Accountants diversify advisory services to fulfil ESG targets

EY’s latest Global Climate Risk Disclosure Barometer indicates that despite companies increasingly reporting on climate-related risks, many may be doing so as a “tick box” exercise, with just three percent of organisations surveyed receiving a perfect score in terms of quality.

Quality ESG reporting requires consistent accounting, with accountants playing a vital role in supporting companies to embed disclosure of non-financial information into their organisational strategy, says Yen-pei Chen, corporate reporting and tax subject matter expert at the Association of Chartered Certified Accountants (ACCA).

“Accountants can collaborate, communicate and provide expert leadership,” she says. “They can put climate and ESG risks and their disclosures on board agendas by expanding their advisory offerings to these areas or by asking questions as part of the audit and assurance engagement.”

Accountants can drive meaningful action by helping boards and management understand the link between sustainability and financial performance, as well as assisting with the integration of ESG into decision making from a strategic and operational perspective, adds Chen.

Mark Taylor, regional managing partner at RSM UK, notes the increasingly ambitious ESG goals set by business leaders and the role of accountants to translate those into measurable, reportable targets.

“The array of frameworks available to use for ESG disclosures creates confusion as businesses translate these goals to measurable and reportable targets,” he says. “With companies lacking in-house specialists, accounting advisory teams are well placed to help organisations navigate the regulatory landscape.”

ESG factors are also an increasing concern for socially responsible investors. William Hughes, sustainability services lead at Mazars, offers his tips to refine advisory services to help businesses meet investors ESG expectations.

“Firstly, ensure that the services are relevant for all size organisations as ESG is not just for the large and listed. Secondly, it is important to demonstrate the strategic value of ESG and how engaging in ESG is not only good for the planet and society but is also good for the organisation.”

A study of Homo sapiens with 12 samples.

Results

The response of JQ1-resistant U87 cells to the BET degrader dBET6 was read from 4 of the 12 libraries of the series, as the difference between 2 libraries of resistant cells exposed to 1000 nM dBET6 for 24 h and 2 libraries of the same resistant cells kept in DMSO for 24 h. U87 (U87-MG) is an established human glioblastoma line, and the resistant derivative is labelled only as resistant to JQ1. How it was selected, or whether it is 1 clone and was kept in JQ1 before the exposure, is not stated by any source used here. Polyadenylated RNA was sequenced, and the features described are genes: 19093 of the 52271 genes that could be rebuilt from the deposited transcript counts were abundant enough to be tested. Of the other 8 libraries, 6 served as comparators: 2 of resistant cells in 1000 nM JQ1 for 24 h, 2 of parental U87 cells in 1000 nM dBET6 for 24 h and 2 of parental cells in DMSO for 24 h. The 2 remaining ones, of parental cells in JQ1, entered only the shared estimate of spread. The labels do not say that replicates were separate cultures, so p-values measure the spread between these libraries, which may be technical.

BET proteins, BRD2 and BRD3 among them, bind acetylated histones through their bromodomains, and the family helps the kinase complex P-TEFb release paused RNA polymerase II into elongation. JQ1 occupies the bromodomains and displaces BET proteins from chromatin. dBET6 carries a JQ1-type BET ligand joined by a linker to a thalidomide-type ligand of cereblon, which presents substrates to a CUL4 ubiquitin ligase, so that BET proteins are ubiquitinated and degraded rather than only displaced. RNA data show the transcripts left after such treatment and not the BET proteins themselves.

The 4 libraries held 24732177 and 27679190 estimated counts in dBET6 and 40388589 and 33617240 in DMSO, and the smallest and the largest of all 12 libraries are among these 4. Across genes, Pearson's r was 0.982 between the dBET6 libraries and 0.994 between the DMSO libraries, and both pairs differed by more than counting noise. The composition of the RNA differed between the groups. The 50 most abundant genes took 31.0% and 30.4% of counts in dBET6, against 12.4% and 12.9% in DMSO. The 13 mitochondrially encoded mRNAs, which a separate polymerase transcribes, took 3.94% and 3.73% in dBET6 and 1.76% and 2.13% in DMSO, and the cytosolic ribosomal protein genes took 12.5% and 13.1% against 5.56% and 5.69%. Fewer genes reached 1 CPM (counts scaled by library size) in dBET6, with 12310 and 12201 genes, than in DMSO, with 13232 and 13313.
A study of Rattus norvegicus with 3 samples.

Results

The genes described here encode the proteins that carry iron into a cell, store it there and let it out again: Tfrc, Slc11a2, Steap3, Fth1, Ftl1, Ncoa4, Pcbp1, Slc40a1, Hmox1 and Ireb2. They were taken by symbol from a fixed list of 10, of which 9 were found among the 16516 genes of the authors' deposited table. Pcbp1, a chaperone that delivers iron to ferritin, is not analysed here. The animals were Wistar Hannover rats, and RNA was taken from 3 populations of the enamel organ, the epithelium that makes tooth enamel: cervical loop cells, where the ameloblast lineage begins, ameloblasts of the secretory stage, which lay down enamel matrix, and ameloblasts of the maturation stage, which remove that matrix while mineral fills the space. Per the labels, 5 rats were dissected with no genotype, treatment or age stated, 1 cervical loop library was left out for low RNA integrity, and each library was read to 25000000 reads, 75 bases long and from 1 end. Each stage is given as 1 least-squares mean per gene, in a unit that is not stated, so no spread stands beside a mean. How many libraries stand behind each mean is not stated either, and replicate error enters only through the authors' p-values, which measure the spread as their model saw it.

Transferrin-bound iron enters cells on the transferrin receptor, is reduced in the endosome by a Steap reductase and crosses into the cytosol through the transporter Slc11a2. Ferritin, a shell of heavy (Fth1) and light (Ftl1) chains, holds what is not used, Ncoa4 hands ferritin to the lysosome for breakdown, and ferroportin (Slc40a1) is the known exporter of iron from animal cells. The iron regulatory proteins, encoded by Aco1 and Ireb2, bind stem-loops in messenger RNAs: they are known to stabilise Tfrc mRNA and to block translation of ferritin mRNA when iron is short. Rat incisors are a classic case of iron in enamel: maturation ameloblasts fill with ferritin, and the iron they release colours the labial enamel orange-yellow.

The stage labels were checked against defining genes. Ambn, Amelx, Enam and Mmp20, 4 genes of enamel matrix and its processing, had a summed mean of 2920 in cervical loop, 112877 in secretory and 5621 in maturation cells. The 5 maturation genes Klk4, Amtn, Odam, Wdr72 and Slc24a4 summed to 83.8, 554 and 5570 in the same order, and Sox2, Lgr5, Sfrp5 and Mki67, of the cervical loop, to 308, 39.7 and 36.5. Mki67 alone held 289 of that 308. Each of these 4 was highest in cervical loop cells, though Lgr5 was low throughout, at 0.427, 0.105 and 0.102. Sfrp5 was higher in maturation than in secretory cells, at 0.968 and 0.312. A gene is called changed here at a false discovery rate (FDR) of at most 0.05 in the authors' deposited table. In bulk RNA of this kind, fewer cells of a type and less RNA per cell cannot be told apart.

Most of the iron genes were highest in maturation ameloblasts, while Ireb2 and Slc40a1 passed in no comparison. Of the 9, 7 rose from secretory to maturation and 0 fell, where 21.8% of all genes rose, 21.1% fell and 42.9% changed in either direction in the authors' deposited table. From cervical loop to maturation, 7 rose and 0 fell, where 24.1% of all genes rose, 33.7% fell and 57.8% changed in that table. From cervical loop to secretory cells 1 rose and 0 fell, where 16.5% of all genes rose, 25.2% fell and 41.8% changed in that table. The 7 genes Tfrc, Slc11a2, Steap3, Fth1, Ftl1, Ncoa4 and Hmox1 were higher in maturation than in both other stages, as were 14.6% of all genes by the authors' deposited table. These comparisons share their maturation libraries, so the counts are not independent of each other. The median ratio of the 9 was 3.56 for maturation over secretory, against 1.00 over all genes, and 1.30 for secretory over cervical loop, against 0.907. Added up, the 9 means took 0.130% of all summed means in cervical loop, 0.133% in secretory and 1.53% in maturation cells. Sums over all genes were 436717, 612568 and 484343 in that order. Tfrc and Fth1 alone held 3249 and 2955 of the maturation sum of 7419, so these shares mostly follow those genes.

Stephen Farrell, ESG Assurance partner at Deloitte, also noted the importance of ESG disclosures in assurance projects.

“To borrow a quote often used – ‘if you can’t measure it, you can’t manage it,’” says Farrell. “Whether it’s reducing carbon emissions or improving diversity, assessing social impact, or addressing health and safety performance, every corporate ESG action starts with the ability to measure accurately.”

With non-financial reporting increasing demand for advisory services, accountants’ remit is expanding significantly, says Chen.

“Many accountants work in-house, within businesses. For them, we think nothing should be outside the remit of accountants. They need to get executive-level buy-in for climate action. If they are advisors in a firm, then the organisation ultimately makes the decisions.”

However, there are limits, according to Hughes, noting that accountants shouldn’t assume management responsibility – their role being to support management to embrace the cultural shift needed to embed ESG into their organisation.

“Assurance providers should not be making management decisions, or acting on behalf of management, in the setting, monitoring and management of ESG strategies,” says Farrell. “This includes the reporting and disclosure of these.”

For accountants working in audit and assurance, there must be clear standards and frameworks against which disclosures can be reliably assessed. The International Auditing and Assurance Standards Board’s (IAASB)recent work on extended external reporting, the IFRS Foundation’s ongoing effort on sustainability reporting standards, as well as initiatives proposed by the EU via its Corporate Sustainability Reporting Directive, will all help achieve this goal.

Guidance from regulators will also define the role of advisory services in non-financial reporting.

“The Financial Reporting Council’s (FRC) statement of intent on ESG challenges shows the regulator’s commitment to ESG related disclosures sitting within annual reports,” says Taylor. “This is a move away from PR-focused sustainability reporting to provide quantifiable, reliable and consistent information which demonstrates the environmental and social impact of the business alongside the financial performance.”